Abolishing Mammography Screening Programs? A View from the Swiss Medical Board

One of the leading public and international health institutes in Europe, the Swiss Medical Board, is a nongovernmental, independent health technology assessment initiative in Switzerland that functions under the auspices of the Swiss Medical Association, the Swiss Academy of Medical Sciences, and the Conference of Health Ministers of the Swiss Cantons. The Board is mandated “to contribute to the improvement of the health of populations internationally, nationally and locally through excellence in research, services and teaching and training.”

After the board was called to prepare a review of mammography screening (Jan. 2013), it released a report of its findings, which were made public on February 2, 2014. Based on the board’s review of available evidence, it concluded that:

  1. no new systematic screening mammography programs should be introduced,
  2. all forms of mammography screening must be evaluated for quality,
  3. women must be given clear and balanced information on the benefits and harms of screening,
  4. systematic mammography screening programs in Switzerland–due to the tool’s limited utility for reducing mortality and the increased likelihood of harm from overdiagnosis and overtreatment—should be phased out.

The board’s strong recommendation differs dramatically from the “early detection is the best protection” slogans that pervade many breast cancer awareness campaigns and public health promotion programs internationally. Weighed against the slight benefit of repeated screening were the harms of increased biopsies and the overdiagnosis of breast cancers that would never have produced symptoms in a person’s lifetime or become clinically relevant. Overdiagnosis can increase the impact of cancer on quality of life and longevity because it leads to overtreatment, exposing patients to potential harms without offering any benefits.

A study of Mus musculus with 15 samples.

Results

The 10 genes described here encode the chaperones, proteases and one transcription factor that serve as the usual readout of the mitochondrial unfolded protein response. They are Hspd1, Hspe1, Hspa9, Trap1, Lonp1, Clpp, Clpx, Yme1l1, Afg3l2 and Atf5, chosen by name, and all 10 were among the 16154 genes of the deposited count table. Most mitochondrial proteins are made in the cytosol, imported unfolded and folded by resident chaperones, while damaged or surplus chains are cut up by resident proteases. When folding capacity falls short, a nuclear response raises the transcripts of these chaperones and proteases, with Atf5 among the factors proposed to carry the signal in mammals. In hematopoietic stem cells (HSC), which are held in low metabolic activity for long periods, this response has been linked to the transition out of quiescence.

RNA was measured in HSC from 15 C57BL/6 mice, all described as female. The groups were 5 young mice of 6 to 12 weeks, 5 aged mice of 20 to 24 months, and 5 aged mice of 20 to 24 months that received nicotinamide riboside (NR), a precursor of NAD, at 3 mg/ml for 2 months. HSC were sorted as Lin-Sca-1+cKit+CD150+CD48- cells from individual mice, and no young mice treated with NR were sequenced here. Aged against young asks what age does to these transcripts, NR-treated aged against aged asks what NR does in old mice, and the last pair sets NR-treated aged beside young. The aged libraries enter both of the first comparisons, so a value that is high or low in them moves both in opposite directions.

The authors explained further that evidence of no effect of screening on overall mortality coupled with evidence of harm was especially disturbing in light of the fact women tend to vastly overestimate the benefits of screening compared to what is actually expected in reality: 71.5 percent of women surveyed believed that mammography reduced risk of breast cancer death by at least one-half, and 72.1 percent believed that 80 deaths would be prevented for every 1,000 women invited for screening. In reality, studies have found at most a relative risk reduction for breast-cancer mortality of only 20 percent, making the actual effect of mammography screening on breast-cancer deaths only one death for every 1000 women invited for screening.



“It is easy to promote mammography screening if the majority of women believe that it prevents or reduces the risk of getting breast cancer and saves many lives through early detection of aggressive tumors. We would be in favor of mammography screening if these beliefs were valid. Unfortunately, they are not, and we believe that women need to be told so.”

Interpretations and Implications

Indeed, calling for the eventual cessation of mammography screening programs would cause uproar in some circles, particularly from specialists who believe in the high-tech tool and worked to institutionalize it. However, the board’s conclusion is based on the ethical premise that there is little (to no) justification for a public health program that does not clearly produce more benefits than harms. Based on the available evidence, systematic mammography screening programs, simply, are not justifiable.

The Swiss Medical board’s recommendation against screening mammography programs follows on the heels of findings from the Canadian National Breast Screening Study, published just one week after the Swiss board’s iconoclastic pronouncement. The Canadian National Breast Screening Study confirmed its earlier results that mammography screening did not reduce breast cancer deaths for women ages 40-59. Instead, one in five of the screen-detected cancers would have posed no threat to the patients’ health.

Source: Nikola Biller-Andorno, Peter Jüni. 2014. “Abolishing Mammography Screening Programs? A View from the Swiss Medical Board,” The New England Journal of Medicine [Apr. 16].